Robert Burke, HETAS, discuss current progress made under the domestic RHI
OFGEM has published a brief review of the first participants who are set to receive payments under the new domestic RHI. After the scheme was launched in April there were 1,000 installations accredited in the first seven weeks. The choice of technology type was split fairly evenly between biomass, air source heat pumps and solar thermal with a smaller percentage of applicants installing ground source heat pumps. This is encouraging news for the industry with around 25 percent of applicants choosing biomass boilers or biomass stoves incorporating boilers.
The analysis of previous fuel types gives an interesting indicator of where most of the RHI applicants live. The overwhelming majority of the first thousand participants were using oil before switching to renewables, which confirms the government’s strategy to target off gas main homes, predominantly in rural areas. However, other participants have switched from gas and electricity as the domestic RHI is open to domestic consumers no matter what type of heating system they are switching from. The Department of Energy & Climate Change (DECC) has also launched a domestic RHI payment calculator to help installers and prospective customers work out how much they might receive under the scheme if they switch over to renewable technologies.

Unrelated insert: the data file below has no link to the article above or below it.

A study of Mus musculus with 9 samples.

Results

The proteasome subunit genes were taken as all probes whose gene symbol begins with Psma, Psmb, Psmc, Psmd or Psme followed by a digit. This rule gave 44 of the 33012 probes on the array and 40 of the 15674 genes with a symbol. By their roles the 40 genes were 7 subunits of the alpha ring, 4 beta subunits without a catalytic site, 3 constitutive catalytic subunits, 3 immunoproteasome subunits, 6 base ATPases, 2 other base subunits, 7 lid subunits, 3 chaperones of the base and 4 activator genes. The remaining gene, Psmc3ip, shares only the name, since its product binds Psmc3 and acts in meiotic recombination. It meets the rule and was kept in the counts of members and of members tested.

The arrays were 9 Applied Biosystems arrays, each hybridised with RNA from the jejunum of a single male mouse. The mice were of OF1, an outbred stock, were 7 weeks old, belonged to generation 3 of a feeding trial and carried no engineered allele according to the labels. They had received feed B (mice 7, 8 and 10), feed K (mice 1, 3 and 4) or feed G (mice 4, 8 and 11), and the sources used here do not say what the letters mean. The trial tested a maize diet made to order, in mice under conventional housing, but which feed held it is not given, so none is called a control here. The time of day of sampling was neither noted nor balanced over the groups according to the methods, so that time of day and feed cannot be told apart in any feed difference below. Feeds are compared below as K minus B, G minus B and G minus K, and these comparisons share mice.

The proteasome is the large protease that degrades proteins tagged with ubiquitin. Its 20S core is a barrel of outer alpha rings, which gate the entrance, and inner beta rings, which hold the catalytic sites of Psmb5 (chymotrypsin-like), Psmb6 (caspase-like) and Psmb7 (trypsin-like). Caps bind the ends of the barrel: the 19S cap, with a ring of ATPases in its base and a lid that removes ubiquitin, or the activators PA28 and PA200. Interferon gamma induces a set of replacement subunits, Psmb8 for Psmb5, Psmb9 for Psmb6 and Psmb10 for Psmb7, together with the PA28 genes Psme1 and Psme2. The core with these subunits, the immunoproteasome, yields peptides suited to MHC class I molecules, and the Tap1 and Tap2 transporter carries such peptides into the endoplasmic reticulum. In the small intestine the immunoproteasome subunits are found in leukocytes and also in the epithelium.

Fortunately manufacturers were well prepared for the long awaited domestic RHI, and there are many approved products already available on the market. To qualify for RHI payments the installation must use a product approved under the Microgeneration Certification Scheme (MCS) and HETAS is one of the official bodies authorised by UKAS to carry out MCS biomass product certification. Biomass boilers and stoves with boilers must also have an emissions certificate to qualify for RHI payments, and HETAS maintains the database of products with these certificates, of which there are now 700 listed online at www.rhieclist.org.uk.
Making sure the product complies with regulations isn’t just important for the RHI. Even if you’re not applying for RHI payments, it’s a legal requirement that any heating appliance meets the minimum safety and efficiency standards outlined in the building regulations. In practice this could be time consuming for installers to check with manufacturer’s whether their products meet the required efficiency levels amongst other things. However, HETAS also operates a product approval scheme which includes appliances which comply fully with current energy efficiency and safety requirements.
The HETAS approved product logo is a mark of confidence for the installer and end user. For the installer using a HETAS approved product can save a significant amount of time as they know the product complies with current legislation. Otherwise the installer would need to check product test reports and make sure that the user instructions give the correct advice. HETAS product approval is based a CE type test report, assessment of the installation and operating instructions, assembly drawings and details of the manufacturer’s quality management system.
Manufacturers of HETAS approved products can list them in the annual HETAS Guide of approved wood and solid fuel burning products, which is available online in addition to the 12,000 copies which are distributed every year. MCS approved products are also identified in the guide, and there are financial benefits for manufacturers in having their products HETAS and MCS approved at the same time. Further details of the HETAS Guide and MCS approved products can be found online at www.hetas.co.uk.